Biofuels make up 10% of bunker mix by 2040 in Shell scenario

Major says 10,000 ships need to run on hydrogen-based energy

Shell and TotalEnergies currently big on LNG bunkering business



While the global bunker mix is currently dominated by oil-based fuels, Shell said the 2030s will see the arrival of containerships fueled by hydrogen or hydrogen-based ammonia in Sky 2050, while such a development will be a decade later in Archipelagos.

In the Sky 2050 scenario, the shipping industry will have a 10% biofuel share in fuel mix and 10,000 ships powered by hydrogen fuel cells, ammonia, or other types of hydrogen-based fuels by 2040.

Cargo-carrying ships will consume 11.56 Ej of energy in 2040, including 1.49 Ej of hydrogen, 0.57 Ej of gaseous hydrocarbon fuels and 9.42 Ej liquid hydrocarbon fuels, according to Shell.

In Sky 2050, hydrogen's share in the marine energy mix will rise to 44.4% in 2050, from 12.9% in 2040, before a further jump to 98.5% in 2100.

Separately, Shell said cargo-carrying ships will consume 12.61 Ej of energy in Archipelagos, where the pace of decarbonization is slower amid energy security concerns. This will include 0.05 Ej of hydrogen, 0.43 Ej gaseous hydrocarbon fuels, and 12.13 Ej liquid hydrocarbon fuels.

Hydrogen's share in the marine energy mix will rise to 5% in 2050, from 0.4% in 2040, before a further hike to 50.3% in this scenario.

"Hydrogen can play a crucial role in helping the world reach net-zero emissions. It is particularly suitable for use in hard-to-electrify sectors like heavy-duty transport, heavy industry, shipping and aviation because of its high energy density," Shell said in its energy transition progress report March 16.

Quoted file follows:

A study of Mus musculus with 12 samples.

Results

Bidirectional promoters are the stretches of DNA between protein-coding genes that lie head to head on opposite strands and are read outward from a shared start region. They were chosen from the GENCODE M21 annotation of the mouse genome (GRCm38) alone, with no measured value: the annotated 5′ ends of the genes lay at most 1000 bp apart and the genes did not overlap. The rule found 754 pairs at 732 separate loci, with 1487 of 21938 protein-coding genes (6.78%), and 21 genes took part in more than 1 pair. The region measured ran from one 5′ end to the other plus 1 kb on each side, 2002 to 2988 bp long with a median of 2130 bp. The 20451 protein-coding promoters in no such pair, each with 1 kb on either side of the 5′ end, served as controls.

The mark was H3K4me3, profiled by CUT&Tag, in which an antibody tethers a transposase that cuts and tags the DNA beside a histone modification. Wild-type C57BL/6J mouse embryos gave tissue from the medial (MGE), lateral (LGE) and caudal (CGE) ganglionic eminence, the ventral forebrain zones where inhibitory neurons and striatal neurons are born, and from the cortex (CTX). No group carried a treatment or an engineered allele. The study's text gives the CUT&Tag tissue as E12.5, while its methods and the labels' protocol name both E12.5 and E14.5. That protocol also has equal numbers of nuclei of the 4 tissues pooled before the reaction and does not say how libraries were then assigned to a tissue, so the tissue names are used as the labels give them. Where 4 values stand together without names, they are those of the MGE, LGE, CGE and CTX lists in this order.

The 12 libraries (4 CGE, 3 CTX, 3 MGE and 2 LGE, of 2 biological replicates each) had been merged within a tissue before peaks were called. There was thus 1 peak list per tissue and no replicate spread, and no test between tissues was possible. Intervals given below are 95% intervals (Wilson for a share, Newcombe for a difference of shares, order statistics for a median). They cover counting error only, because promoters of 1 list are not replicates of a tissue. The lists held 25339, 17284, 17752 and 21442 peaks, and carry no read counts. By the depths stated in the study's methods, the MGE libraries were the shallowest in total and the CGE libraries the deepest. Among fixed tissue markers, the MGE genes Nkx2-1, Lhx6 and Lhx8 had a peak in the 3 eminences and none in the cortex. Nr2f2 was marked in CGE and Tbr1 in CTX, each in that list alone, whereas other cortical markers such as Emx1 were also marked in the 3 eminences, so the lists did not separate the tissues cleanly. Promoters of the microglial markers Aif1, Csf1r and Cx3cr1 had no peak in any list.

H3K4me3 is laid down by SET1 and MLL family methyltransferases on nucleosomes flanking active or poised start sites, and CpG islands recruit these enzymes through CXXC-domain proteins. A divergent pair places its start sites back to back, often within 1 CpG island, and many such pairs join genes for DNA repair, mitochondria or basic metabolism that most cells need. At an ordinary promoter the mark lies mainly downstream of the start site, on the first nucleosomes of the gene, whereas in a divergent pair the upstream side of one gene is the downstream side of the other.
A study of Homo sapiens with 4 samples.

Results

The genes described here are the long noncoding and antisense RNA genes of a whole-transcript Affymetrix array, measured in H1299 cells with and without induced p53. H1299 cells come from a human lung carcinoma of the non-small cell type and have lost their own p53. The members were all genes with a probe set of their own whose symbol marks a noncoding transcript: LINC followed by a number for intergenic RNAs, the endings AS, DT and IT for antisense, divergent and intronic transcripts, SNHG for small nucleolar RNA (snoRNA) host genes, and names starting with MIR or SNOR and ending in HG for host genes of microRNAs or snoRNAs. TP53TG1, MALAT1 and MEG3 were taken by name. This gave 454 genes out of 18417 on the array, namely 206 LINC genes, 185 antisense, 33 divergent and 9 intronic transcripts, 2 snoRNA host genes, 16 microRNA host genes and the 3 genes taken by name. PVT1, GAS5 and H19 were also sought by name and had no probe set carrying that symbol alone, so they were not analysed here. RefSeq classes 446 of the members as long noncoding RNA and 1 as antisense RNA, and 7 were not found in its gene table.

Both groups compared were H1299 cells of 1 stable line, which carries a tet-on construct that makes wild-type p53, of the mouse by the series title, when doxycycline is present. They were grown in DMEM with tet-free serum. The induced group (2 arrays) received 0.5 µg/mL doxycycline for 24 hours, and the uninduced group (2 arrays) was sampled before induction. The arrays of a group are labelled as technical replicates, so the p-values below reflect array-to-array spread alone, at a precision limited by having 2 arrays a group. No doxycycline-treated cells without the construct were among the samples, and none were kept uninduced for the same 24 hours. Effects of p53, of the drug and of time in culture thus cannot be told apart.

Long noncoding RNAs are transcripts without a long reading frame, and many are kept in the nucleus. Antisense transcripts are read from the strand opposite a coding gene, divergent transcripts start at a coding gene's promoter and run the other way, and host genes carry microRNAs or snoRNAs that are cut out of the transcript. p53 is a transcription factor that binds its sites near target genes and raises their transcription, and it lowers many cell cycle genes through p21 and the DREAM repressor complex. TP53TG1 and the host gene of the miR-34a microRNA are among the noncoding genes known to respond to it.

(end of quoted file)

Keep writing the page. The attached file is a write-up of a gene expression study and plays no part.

The major has stressed its scenarios do not represent predictions. S&P Global Commodity Insights expects ammonia and hydrogen to account for 20.7% of global bunker consumption of 300 million mt in 2050 if the public and private sectors accelerate decarbonization initiatives.

Current projects

For the near term, Shell said it has started supplying biofuels and LNG to the shipping industry to promote maritime decarbonization while studying renewable natural gas as marine fuel.

Industry estimates suggest LNG can reduce emissions by 20%-30% versus oil-based fuels. Biofuels could be carbon neutral and their decarbonization effects depend on blending proportions. Hydrogen and ammonia could be zero-emission fuels when produced from renewable energy.

In the energy transition report, Shell said that it completed more than 250 ship-to-ship LNG bunkering operations in 2022, without disclosing sales volume.

Some LNG producers, including Shell and TotalEnergies, have been investing in bunkering infrastructure in recent years, eyeing the maritime sector as an emerging market for their products and in bids to cut Scope 3 emissions.

In its latest annual sustainability report, TotalEnergies said it sold more than 1 million cu m of the fuel in 110 bunkering operations last year.

The French major has been operating an LNG bunker vessel in Rotterdam since November 2020 and a second in Marseille since January 2022. A third one, the 12,000-cu m Brassavola, is due to serve in Singapore from this quarter.

TotalEnergies aims to supply 10% of the global LNG bunker market by 2030. S&P Global expects LNG to make up 7.8% of the world's bunker consumption of 328 million mt in 2030 in its reference case.

Industry participants said LNG sales as marine fuel were hurt by high prices in 2022, as evidenced by lower volumes reported by Rotterdam and Singapore, but demand could recover as LNG prices fell after reaching a peak.

LNG bunker prices hit a record high of $3,476.614/mt on an oil-equivalent basis in Rotterdam Aug. 26 before easing to $592.448/mt March 21, S&P Global data showed. The price of 0.5%S marine fuel oil, the most common type of bunker fuel currently, was $525/mt.